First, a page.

Breakin: U.S. Government Seized 119,000 Bitcoin (BTC)
Per a report from the United States Department of Justice, authorities stopped two individuals that allegedly conspired to launder 119,754 Bitcoin (BTC). The funds have been traced back to the 2016 hack on crypto exchange platform Bitfinex.
In that sense, the government official stated that Bitcoin and cryptocurrencies are not a “safe haven” for criminals. The statement contradicts others made by public officials, such as Senator Elizabeth Warren, which have emphasized the alleged use of crypto in criminal activities. Monaco added:
In a futile effort to maintain digital anonymity, the defendants laundered stolen funds through a labyrinth of cryptocurrency transactions. Thanks to the meticulous work of law enforcement, the department once again showed how it can and will follow the money, no matter what form it takes.
Assistant Attorney General Kenneth Polite Jr. claimed that the U.S. authorities have strong capabilities to track money on top of the Bitcoin network. In that sense, as Monaco claimed, the authorities seem determined to not make “crypto a safe haven for money laundering” and to protect their financial system. Polite said:
The arrests today show that we will take a firm stand against those who allegedly try to use virtual currencies for criminal purposes.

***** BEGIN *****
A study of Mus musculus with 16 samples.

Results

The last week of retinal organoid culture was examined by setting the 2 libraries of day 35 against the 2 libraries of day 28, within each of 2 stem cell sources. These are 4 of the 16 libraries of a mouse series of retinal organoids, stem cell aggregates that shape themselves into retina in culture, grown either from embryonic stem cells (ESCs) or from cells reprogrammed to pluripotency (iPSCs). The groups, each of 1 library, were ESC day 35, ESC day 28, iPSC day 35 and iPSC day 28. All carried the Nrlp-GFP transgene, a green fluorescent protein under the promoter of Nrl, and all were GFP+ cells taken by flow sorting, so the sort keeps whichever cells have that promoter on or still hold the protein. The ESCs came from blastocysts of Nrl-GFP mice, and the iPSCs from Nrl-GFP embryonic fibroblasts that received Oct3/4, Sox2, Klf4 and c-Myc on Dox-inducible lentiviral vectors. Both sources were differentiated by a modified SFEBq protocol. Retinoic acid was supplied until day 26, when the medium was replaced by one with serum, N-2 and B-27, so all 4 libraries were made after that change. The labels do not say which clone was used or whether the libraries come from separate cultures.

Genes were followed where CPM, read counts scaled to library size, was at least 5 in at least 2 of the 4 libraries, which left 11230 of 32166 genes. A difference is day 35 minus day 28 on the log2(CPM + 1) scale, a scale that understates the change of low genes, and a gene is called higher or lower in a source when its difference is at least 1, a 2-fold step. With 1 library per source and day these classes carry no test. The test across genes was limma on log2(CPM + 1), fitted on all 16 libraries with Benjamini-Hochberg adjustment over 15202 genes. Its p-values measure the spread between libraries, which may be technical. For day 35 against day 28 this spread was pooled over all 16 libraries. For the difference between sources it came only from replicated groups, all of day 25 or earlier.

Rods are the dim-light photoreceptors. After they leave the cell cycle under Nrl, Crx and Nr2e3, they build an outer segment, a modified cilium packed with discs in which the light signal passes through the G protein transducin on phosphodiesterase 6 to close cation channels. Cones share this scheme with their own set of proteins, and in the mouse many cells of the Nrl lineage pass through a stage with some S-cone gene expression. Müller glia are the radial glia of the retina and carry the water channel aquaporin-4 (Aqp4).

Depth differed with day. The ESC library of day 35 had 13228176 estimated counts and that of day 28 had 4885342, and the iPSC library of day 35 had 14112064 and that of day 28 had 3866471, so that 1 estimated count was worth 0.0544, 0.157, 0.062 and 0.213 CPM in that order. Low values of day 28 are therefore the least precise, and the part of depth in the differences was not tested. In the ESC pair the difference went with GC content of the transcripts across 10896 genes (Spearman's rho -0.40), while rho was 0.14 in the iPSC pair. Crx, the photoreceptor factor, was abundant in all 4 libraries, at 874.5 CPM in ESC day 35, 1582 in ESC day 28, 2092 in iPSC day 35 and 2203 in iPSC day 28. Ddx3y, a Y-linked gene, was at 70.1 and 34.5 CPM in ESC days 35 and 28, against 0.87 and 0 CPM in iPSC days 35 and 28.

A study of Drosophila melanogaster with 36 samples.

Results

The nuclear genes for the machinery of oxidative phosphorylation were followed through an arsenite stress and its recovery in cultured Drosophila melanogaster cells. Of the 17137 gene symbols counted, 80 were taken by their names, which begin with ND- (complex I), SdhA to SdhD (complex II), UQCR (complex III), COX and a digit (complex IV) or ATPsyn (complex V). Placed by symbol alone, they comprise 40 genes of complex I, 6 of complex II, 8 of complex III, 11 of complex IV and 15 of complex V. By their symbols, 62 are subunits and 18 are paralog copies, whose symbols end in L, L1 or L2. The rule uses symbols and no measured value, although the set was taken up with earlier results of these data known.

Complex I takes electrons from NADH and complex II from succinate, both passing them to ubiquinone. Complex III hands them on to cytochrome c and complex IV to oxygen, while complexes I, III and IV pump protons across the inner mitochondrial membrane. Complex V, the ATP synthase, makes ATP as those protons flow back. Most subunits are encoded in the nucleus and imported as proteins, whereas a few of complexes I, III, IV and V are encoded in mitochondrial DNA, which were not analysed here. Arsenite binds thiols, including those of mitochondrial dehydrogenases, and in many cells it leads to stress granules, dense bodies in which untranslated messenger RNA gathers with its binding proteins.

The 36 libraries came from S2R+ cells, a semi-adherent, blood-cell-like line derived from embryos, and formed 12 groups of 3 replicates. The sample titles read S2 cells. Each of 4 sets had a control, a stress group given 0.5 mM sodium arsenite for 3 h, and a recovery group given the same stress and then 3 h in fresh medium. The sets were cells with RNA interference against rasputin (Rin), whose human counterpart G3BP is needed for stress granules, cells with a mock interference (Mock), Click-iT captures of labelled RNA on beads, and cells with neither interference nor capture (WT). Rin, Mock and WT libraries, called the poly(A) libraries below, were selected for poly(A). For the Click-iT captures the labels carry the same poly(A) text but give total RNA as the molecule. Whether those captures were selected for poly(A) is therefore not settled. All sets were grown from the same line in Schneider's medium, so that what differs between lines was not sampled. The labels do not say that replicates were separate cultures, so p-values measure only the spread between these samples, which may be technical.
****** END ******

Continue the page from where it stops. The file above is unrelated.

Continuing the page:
The suspects were identified by the U.S. DOJ as Ilya Lichtenstein (34) and his wife Heather Morgan (31). Both were living in New York. The suspect allegedly took the stolen BTC from the exchange platform and moved it with 2,000 unauthorized transactions.
Around 25,000 BTC ended up being transferred from the crypto wallet controlled by one of the suspects to “financial accounts” associated with Morgan and her husband. The remaining 94,000 BTC were seized by the Federal authorities upon gaining access to “online accounts” or to a cloud service holding the private keys to the stolen funds. U.S. Attorney Matthew Graves said:
Cryptocurrency and the virtual currency exchanges trading in it comprise an expanding part of the U.S. financial system, but digital currency heists executed through complex money laundering schemes could undermine confidence in cryptocurrency. The Department of Justice and our office stand ready to confront these threats by using 21st century investigative techniques to recover the stolen funds and to hold the perpetrators accountable.
In the crypto community, some members have highlighted how “easy” it is to track funds moved via some blockchains. Therefore, calling digital assets a safer alternative to cash with an intrinsic mechanism of transferring funds discourages criminals from operating on-chain.
The Federal authorities acknowledged that the suspects were allegedly able to break the BTC transaction flows, but they still were able to track the funds as the individuals were in the U.S. and used several KYC platforms with traceable IPs.